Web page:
WPC ’16: ExxonMobil sees integration boosting new US chemical projects

By Ben DuBose
Digital Editor

HOUSTON -- The 70% decline in Brent crude oil prices since mid-2014 has eroded much of the "ethylene advantage" for North America's gas-based petrochemical producers, but the president of ExxonMobil Chemical remains bullish on the prospects for his company's US expansion based on underlying fundamentals, including strong integration across the full value chain.

Neil Chapman, president of ExxonMobil, delivered his remarks at the 31st annual World Petrochemical Conference in Houston, presented by IHS Chemical. ExxonMobil is in the midst of a major expansion of its Baytown petrochemical complex in Texas, including a third steam cracker with up to 1.5 MMtpy of ethylene capacity and numerous new downstream derivative units. Startup is planned for 2017.

"The petrochemicals industry is subject to cycles that all commodity businesses go through," Chapman said. "We assess the full range of economic scenarios that our investments must withstand. This allows us to mitigate bottom-of-the-cycle conditions.

"We cannot bank on North American ethane, or any other single feedstock, remaining cost-advantaged forever," he added. "That's not the way the world works. Even as we expand in Baytown, we are also expanding our ability to run liquid feeds from our refineries and even the abiliy to crack crude oil directly."

When asked if some ethylene producers in North America might rethink their investment plans based on the recent decline in oil prices, Chapman was adamant that it would not be the case for his company.

"If a company was banking on the 2013 or 2013 advantage lasting for the long-term, maybe they will [rethink investment]," Chapman said. "But for ExxonMobil, nothing has changed. We designed our Baytown expansion to be resilient over a wide range of market scenarios."

Chapman pointed out that ExxonMobil believes in the value of a diversified and integrated business, adding that all of ExxonMobil Chemical's global facilities are either highly integrated with refineries or have direct access to attractive upstream feedstocks.

"Our refining and chemical facilities share an unwavering focus on increased efficiency," Chapman said. "We pursue efficiencies driven by interconnected facilities and sophisticated models.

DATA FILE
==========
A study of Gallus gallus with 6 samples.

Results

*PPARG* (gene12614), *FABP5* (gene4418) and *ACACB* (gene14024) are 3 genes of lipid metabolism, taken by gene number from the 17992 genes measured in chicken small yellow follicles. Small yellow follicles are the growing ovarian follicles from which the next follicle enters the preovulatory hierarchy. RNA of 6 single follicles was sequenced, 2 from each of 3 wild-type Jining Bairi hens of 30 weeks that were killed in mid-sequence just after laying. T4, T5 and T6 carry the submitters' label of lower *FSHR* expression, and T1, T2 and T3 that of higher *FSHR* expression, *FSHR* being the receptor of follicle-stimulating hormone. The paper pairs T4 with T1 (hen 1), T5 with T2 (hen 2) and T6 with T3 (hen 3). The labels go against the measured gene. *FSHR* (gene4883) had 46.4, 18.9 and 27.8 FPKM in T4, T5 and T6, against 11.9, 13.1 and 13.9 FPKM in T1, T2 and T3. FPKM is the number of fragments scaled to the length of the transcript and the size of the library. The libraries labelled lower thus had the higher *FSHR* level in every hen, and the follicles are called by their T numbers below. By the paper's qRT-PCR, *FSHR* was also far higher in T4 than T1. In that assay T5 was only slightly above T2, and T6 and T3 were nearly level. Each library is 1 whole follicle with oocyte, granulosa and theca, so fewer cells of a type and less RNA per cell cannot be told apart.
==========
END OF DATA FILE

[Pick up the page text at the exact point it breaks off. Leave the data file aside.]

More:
"In Baytown, where we have the largest refining and petrochemicals complex in the US, we're already efficient," he added. "Now we believe it will get even more so."

Chapman said ExxonMobil's investment in a third Baytown steam cracker was based on long-term projections for robust growth in US petrochemical demand and an abundant base of feedstock resources in North America, driven by unconventional oil and gas.

Moreover, Chapman said his company remains bullish on the future prospects for petrochemical growth, both in the US and around the world.

"We continue to see a world in which global living standards improve, and demand for chemicals and chemical products continues to grow," Chapman said.

Chapman said the trend toward rising incomes remains crucial for the petrochemical business, and he cited forecasts of the global "middle class" population rising from about 2 billion people today to roughly 5 billion people by 2030.

"That growing middle class will drive high demand for products made from petrochemicals," Chapman said.

Because of those factors, Chapman expects chemical demand to grow by 4%/year over the decade, which would be significantly faster pace than global gross domestic product (GDP) growth and faster than the growth in overall energy demand.

While much of the growth will come in emerging nations like China and India, ExxonMobil also expects rising demand from developed countries like the US -- particularly with a trend toward sustainability solutions like insulation and light-weight packaging that require products made from chemicals.

Even so, the economics for the US chemical industry are not as rosy as they were two years ago, when gas-derived ethane projects held a considerable price advantage relative to oil-based naphtha users elsewhere in the world. But with an emphasis on integration across the wide spectrum of ExxonMobil's energy business, Chapman believes his projects have the long-term vision to succeed.

"The only way to ensure these major investments will remain financially robust is to ensure the projects are advantaged across the entire value chain," Chapman said.

"In our industry, though opportunities abound, we must deal with volatility as the norm -- not the exception," he said.

The 31st annual World Petrochemical Conference, hosted by IHS Chemical, continues through Friday at the Hilton Americas in downtown Houston.